A former President of the Ijaw Youth Council and leader of the Niger Delta Peoples' Volunteer Force, Alhaji Asari Dokubo, who was detained by security operatives at the Seme border on Sunday, has regained his freedom.

The former militant leader said that he was held by operatives of the SSS at the border at 1.43 PM and released at 6.30 PM same day.

Asari said that he was in the country to honour invitation by ex-militant leaders, such as Government Tompolo, Ateke Tom, Boyloaf and other ex-fighters in the region, to be part of the peace process.

Speaking in a telephone interview with our correspondent on Monday, Asari said that he was released after the intervention of highly placed individuals in the society.

He said that when he got to the Nigerian end of the border at Seme, a director of the SSS, whose name he did not disclose, informed him that he was needed for interrogation in Abuja.

The NDPVF leader said that he refused to obey the directive of the SSS director because of his conviction that he had not committed any offence to warrant being questioned by the security agency.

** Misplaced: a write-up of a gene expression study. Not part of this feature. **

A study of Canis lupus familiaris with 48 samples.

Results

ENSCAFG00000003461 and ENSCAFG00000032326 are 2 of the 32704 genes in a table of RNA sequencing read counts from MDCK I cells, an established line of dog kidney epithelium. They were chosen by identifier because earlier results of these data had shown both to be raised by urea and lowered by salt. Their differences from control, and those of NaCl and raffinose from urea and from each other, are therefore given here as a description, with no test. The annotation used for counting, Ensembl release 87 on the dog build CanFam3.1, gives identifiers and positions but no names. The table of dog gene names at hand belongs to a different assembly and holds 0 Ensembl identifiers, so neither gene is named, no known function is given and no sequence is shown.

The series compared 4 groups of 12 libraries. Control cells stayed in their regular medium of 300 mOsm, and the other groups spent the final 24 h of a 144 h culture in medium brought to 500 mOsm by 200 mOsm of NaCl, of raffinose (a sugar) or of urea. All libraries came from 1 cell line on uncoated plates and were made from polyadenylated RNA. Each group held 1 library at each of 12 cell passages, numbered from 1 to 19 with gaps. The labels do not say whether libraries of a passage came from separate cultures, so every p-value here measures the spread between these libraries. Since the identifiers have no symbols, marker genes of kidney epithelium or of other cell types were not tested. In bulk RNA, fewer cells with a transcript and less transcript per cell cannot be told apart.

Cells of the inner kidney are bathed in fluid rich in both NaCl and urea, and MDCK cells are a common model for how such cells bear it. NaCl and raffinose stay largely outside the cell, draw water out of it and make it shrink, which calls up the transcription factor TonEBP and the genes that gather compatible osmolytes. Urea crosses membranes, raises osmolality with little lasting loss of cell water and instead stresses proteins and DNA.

He said that he was, however, released around 6.30pm when the SSS director informed him with profuse apologies that he was free to go.

He said, 'I left Accra in the morning, through Aflao border from Togo, got to Cotonou, arrived at Seme border. It was at the Seme border that an SSS operative told me that I was wanted in their office in Abuja for questioning.

'So I told them that I was not coming down from the car. I sat in the car. They closed the border. I arrived at the border, around 1.43pm. They kept me until the director came later to inform me that they were asked to take me to Abuja. I was not molested, I sat down. At about 6.30pm, the director came and said they were very sorry, it was a routine thing.

'At the border, I called IYC, Kingsley Kuku, his wife and others; they made calls. So many people in the South-South, called and made contacts. Top politicians in the South South including Timi Alaibe, ministers and others, military officers, and even people in the security service prevailed on them,' he said.

He said that he had been harassed in several airports in Europe, especially Holland and Germany, because of security reports from Nigeria recommending him to be included on a watch list.

Asari maintained that he was opposed to the Federal Government's amnesty programme because he was not a criminal.